My last update was thread 52430.
Switching my table below to last Friday of month tracking. This is because my main spreadsheet is week based, so tracking at true end of month involves extra work for months that don’t end on a Friday.
Year to Date:
Month Me Benchmark Beat 01/25 15.6% 8.0% + 7.6% 02/22 26.0% 13.4% +12.6% 03/29 30.9% 14.7% +16.2% YoY 27.1% 8.1% +19.0%
Its worth noting that I hit my low in the days before Christmas. Since that time, roughly 3 months, my portfolio has gained 41%, while my benchmark (based on the VOO fund) has gained only 18%. My account is now over my September high by 5%, whereas the market is still below its September highs. Wowzers!
Activity: Again, my activity level is lower than historical, and I still think this is a good thing for me. For example, if I had done nothing since January 1 I would be a nearly identical to today. However, I am 17% higher than where I would have been from before I found high growth 7 months ago. So… high growth is helping me absolutely, but my trading frequency this year seems to neither have helped nor hindered me. I think this means it’s good to change things up, just not too often.
Sold GH (entire stake) Buy ESTC (1.8% more, to 5% total) Buy TEAM (3.0% stake) Sell NTNX (entire stake) Buy MDB (6.0% stake, getting back in) Trim AMZN, PYPL to lower allocations Buy SMAR (3.3% stake) Buy SHOP (2.7% stake)
TICKER ALLOC. YTD ====== ====== === PSJ 10.8% 23.4% ZS 9.7% 80.6% TWLO 9.4% 44.0% TTD 8.5% 70.2% MDB 8.4% 75.8% AYX 8.4% 41.0% OKTA 6.2% 29.5% CRM 5.7% 15.7% AMZN 5.4% 18.4% PYPL 4.9% 23.3% ESTC 4.3% 12.0% SQ 4.2% 33.1% Cash 3.2% 0 SMAR 2.8% 64.2% TEAM 2.8% 26.1% ZUO 2.7% 10.4% SHOP 2.6% 49.4%
MDB: I was one of those who sold after a day of contemplation over the Lyft fiasco. After 2 more days I began to think I made a mistake. And I got my chance to buy back in on the day our stocks dropped hard due to the OKTA down-grade. The first time I panic sold over AMZN I was able to buy back in under my sell price. This time I was able to get back in just a wee bit above my sell price. I’ve been lucky twice so far on this stock and I need to hold to my convictions on this.
NTNX: Sold out for good on this stock. I’ve struggled to make any profit on this stock and had my last straw.
TEAM: Been eyeing this stock for some time now, mostly because of how often we use their software at work and how valuable we find it. Stuff this good to use simply has to grow in value right? Now I just need to see if the stock is as good as the software.
GH: Got out after a good quick profit because, frankly, I don’t have the stomach for biotechs. Too bad I did this before it’s big pop though! I’m unlikely to get back in however.
AMZN, PYPL: Trimmed both down to 5% allocations. Add in CRM to the mix, they are the lone hold-outs from my large cap days. At times I tell myself these are very high quality companies, keep them. At other times I tell myself “they fell as fast as the SaaS names but climbed back up slower”, which means they are not very good as buffers against volatility. In the words of Pooh, “what to do, what to do”. At the end of the day, names like this help me sleep well at night, and there is obvious value in that. Plus these names are no slouches in ROI. No harm in keeping these names.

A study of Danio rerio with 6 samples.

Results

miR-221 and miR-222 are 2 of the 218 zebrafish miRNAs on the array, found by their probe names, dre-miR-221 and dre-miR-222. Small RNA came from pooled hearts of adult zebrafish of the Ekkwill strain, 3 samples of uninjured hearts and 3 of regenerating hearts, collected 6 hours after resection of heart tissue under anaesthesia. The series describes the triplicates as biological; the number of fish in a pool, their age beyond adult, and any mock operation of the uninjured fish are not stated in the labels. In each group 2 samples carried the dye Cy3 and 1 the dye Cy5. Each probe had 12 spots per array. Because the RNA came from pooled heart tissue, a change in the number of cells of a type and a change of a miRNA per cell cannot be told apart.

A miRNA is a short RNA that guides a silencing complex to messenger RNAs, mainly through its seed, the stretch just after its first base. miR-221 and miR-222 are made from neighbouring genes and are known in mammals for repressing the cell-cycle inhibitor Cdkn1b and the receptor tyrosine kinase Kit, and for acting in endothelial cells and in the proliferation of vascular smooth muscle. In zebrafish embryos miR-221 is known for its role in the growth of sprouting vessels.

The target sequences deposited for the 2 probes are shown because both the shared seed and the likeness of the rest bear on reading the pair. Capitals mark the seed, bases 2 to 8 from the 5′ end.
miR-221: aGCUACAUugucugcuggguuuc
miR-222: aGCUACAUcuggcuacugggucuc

PSJ, ARKK: I hold PSJ for diversification across the software and innovation spaces w/o having to buy a ton of names myself. I have an upper-limit to how much allocation I want any given single stock to be, and only so many stocks grab my attention. This means I have money left over that I need to do something, and this is where it goes. I tried ARKK first in my 401k, and then in my IRA. Ended up selling out of it in both. After looking at it’s holdings I’m simply not interested in the companies they are investing in. PSJ is a different animal and I’m quite happy with its investing strategy and continue to hold in both accounts.
NVDA: I got out earlier this year with a 30% (overall) loss in a name that used to be my number 1 holding. The final straw for me was the company’s seeming inability to deal with crypto fall-out and inventory. It seemed like a rookie mistake to me, even though I highly believe in the company. So far this year it is up as high as my overall portfolio and I’m wondering if that is a lesson, when your conviction is that high, you stick with something. Didn’t I learn that with MDB?
SMAR, ZUO, TEAM, ESTC, SHOP: These are my lowest conviction names. Shopify is one of those that I thought had run up as far as it would go, and boy was I wrong. Atlassian is one of those companies who makes tools that make my work-life so much better, but that does not mean the stock is therefor one to invest in. Same with Elastic Search, great to use at work but needs to prove itself as a stock to own. And ZUO and SMAR are try-outs for me that I still have not made my mind up about. I’m not expecting to sell any of these soon but I am watching them.
I struggle at times with the risk/volatility compared to my long-term targets for growth. With a goal of 16% CAGR over a 15 year time horizon, I certainly don’t need to be as aggressive as I am currently. In fact, many retirement calculators say I need only a 10% CAGR to meet my needs. That means I can cut back on risk and still reach my goals. THAT IS GOOD! However, lots of things can happen over 15 years. I could get forced into early retirement, for example. At which case I need more money, sooner, than my “target” growth rate will give me. At least however, over the last 12 months, my worries about being under-funded for retirement are gone, and now my worries are about how fast can I tolerate it rising without the risk driving me mad? Good problem to have!